By McQuilling Services, LLC,
Situational awareness requires that people know their surroundings and the risks inherent therein. In a crowded theater, one should always make sure to know the way out.
The phrase: “In case of emergency, proceed to the exits in an orderly fashion” comes to mind.
Many sectors of the shipping industry are presently facing an oversupply of tonnage. How we got here can be debated. The current imbalance of supply and demand cannot. This imbalance is creating a freight rate prospect many would term an emergency. Proceeding to the exits in an orderly fashion may be the best alternative.
In this note we look at the economic impact of accelerated scrapping in the tanker industry. For several years now, there has been a growing sentiment that acceptability of tonnage by the major charterers was shifting to newer vessels. Fifteen years was discussed as the emerging limit for consideration of tonnage by the top tier players. Now the idea of reducing the trading inventory to bring tonnage supply in line with vessel demand is gaining traction.
To understand the impact of an accelerated exit profile, we first focused on the VLCC sector where we analyzed historical TCE revenues over the period 2000 through 2012. As illustrated in Figure 1, this timeframe contained a fair amount of volatility in freight rates.
Under the assumption that VLCC freight rate behavior during 2000-2012, while volatile, was reasonably well behaved, we fit the data into a normal distribution, which yielded an average TCE for the period 2000 through 2012 of US $44,400/day and a standard deviation of US $33,700/day. This is shown in Figure 2 where the dark blue bars display the frequency of occurrence in number of months of an average TCE level and the light blue area is the mathematical normal or bell curve corresponding to this frequency distribution.
We speculated that, on average, and barring extraordinary events, future behavior of the VLCC freight market might also be described by this normal distribution.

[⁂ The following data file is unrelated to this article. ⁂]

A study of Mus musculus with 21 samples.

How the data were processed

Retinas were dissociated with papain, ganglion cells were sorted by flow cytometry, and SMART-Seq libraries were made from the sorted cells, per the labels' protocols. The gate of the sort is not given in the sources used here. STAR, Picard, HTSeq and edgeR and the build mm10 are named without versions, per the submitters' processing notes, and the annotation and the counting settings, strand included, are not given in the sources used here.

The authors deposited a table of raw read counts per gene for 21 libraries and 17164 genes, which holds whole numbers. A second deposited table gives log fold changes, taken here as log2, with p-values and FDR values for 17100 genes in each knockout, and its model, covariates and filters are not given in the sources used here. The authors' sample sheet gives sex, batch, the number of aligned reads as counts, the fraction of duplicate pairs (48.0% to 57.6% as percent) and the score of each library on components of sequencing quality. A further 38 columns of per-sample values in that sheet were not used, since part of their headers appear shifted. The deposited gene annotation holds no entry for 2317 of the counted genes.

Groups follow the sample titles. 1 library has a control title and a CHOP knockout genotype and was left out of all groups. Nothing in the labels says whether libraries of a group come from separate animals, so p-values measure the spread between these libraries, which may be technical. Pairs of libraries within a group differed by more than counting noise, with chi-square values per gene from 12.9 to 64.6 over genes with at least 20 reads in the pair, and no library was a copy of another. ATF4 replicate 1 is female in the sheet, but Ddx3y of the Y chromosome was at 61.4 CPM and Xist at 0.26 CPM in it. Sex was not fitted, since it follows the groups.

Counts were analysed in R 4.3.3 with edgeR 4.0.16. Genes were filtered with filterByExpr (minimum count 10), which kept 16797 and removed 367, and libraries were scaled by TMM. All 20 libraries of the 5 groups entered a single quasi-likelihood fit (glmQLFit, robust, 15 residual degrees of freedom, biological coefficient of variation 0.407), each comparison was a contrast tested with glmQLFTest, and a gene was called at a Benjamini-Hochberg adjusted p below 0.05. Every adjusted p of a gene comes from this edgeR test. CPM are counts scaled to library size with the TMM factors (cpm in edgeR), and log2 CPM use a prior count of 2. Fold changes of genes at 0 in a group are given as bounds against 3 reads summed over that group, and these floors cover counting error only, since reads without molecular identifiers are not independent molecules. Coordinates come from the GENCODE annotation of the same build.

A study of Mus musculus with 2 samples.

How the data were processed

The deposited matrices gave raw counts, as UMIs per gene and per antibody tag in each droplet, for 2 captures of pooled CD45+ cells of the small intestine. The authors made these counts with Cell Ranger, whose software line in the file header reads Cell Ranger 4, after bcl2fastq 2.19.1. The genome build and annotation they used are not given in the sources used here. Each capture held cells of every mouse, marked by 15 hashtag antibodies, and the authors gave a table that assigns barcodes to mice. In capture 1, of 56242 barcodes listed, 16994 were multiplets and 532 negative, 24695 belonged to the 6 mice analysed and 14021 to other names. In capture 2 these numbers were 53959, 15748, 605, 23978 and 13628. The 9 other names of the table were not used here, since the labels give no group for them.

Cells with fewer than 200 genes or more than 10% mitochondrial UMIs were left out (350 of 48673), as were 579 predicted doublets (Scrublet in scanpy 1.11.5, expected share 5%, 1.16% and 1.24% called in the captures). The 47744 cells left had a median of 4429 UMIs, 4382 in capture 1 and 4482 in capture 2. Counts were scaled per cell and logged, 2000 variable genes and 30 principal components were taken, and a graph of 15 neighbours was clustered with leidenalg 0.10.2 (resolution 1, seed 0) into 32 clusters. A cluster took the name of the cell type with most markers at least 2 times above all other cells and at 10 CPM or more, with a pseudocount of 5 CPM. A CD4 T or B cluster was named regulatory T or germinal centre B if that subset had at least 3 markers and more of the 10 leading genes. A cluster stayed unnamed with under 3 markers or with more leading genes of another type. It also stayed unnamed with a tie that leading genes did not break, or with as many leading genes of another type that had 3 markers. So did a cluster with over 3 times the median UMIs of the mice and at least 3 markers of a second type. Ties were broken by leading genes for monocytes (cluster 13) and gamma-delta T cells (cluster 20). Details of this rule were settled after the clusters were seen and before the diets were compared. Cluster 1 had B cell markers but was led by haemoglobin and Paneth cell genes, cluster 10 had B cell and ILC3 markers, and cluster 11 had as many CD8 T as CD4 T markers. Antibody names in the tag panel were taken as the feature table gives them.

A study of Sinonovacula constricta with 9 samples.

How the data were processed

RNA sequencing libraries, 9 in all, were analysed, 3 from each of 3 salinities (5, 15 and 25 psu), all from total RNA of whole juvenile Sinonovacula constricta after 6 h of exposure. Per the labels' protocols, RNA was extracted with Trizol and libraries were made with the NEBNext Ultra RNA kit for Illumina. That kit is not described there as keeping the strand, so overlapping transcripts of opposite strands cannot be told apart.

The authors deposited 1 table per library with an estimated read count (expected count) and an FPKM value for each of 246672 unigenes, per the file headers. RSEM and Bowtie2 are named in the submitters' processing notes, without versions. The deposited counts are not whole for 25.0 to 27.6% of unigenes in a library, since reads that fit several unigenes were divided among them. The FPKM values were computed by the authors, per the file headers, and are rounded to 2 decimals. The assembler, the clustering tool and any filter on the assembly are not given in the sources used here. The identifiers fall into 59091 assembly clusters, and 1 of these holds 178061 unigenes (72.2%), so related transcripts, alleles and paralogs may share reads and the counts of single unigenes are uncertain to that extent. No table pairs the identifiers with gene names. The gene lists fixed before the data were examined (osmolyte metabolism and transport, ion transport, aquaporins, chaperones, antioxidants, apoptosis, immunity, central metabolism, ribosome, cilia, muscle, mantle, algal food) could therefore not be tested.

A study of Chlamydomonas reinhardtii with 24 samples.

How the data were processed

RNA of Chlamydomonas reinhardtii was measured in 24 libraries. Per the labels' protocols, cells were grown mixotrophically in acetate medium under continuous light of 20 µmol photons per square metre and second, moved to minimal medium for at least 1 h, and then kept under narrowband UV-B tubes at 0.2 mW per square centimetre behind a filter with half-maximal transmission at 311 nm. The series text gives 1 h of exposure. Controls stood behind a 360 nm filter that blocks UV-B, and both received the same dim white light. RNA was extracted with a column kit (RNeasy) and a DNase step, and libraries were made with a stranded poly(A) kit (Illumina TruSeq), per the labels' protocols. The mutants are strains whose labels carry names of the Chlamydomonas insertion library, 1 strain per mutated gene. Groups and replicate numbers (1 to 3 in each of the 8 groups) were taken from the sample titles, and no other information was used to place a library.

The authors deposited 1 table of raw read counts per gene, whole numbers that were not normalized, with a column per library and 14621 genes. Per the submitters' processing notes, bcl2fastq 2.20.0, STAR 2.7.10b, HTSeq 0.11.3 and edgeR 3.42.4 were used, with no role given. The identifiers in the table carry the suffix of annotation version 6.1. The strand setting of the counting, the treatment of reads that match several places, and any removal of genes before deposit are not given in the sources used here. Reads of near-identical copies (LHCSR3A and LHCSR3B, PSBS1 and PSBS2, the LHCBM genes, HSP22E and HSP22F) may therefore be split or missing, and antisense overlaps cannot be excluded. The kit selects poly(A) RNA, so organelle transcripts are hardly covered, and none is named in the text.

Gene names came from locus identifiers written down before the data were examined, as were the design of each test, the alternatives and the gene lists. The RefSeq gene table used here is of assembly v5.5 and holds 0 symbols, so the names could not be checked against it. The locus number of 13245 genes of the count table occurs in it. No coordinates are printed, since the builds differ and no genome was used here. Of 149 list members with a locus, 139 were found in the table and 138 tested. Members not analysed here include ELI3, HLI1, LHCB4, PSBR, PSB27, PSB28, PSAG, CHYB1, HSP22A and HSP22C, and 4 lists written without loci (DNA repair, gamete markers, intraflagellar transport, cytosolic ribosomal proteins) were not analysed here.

Then, we looked at the life cycle economics of a newbuilding vessel ordered at today’s prices with today’s financing terms (simple bank loan, 5-year tenor), and traded for 15 years, 20 years and 25 years before being sold for scrap in each case at today’s scrap prices. From this information we calculated the average time charter equivalent (TCE) revenues required in each case to return 10% on an owner’s investment (Table 1).
Figure 3 is interesting from a number of different perspectives. First, the light blue shaded area reveals the wide range of values that could be estimated based on the 2000-2012 dataset. This range translates statistically into a relatively large standard deviation which can loosely be interpreted to mean that we are unable to place much utility in the average TCE of US $44,400/day being representative for the period in question.
If indeed the distribution may also reflect future VLCC behavior (certainly not a guarantee), we would expect to see a large variation around the average value going forward as well.
Given this expectation of observing a large variation of TCEs in the marketplace, the relative difference in required TCEs for the various VLCC lifespan assumptions appears quite small in comparison. The US $5,500/day difference between the required TCE of a VLCC traded for 15 years and one traded for 25 years is immaterial as compared to the expected variation that will be observed in the marketplace over the life of the vessel. The explanation for this lies in the effect of discounting the cash flows over time. The cash flows in the later years of the project make far less contribution that those in the early years. As a result, the economic impact of shortening the vessel’s life is not as severe as might be expected yet the potential for substantially different TCEs than required during these years is high.
On this basis, once could argue that an early scrapping strategy widely employed could substantially improve market fundamentals at little expected cost to the owners.
Of course, the above comparison is theoretical.
In practice, owners are looking at today’s (and tomorrow’s) market and trying to maximize their free cash flows from operations to generate returns on their investments. Each voyage on an existing vessel with positive cash flow contributes beneficially to the bottom line. Additional years of trading, especially on paid-off vessels, can be quite lucrative in healthy markets.
The problem at present however, is that the markets are not healthy, and in fact, many participants see this as a kind of emergency situation. Perhaps a justification to follow instincts and head for the exit deserves closer scrutiny.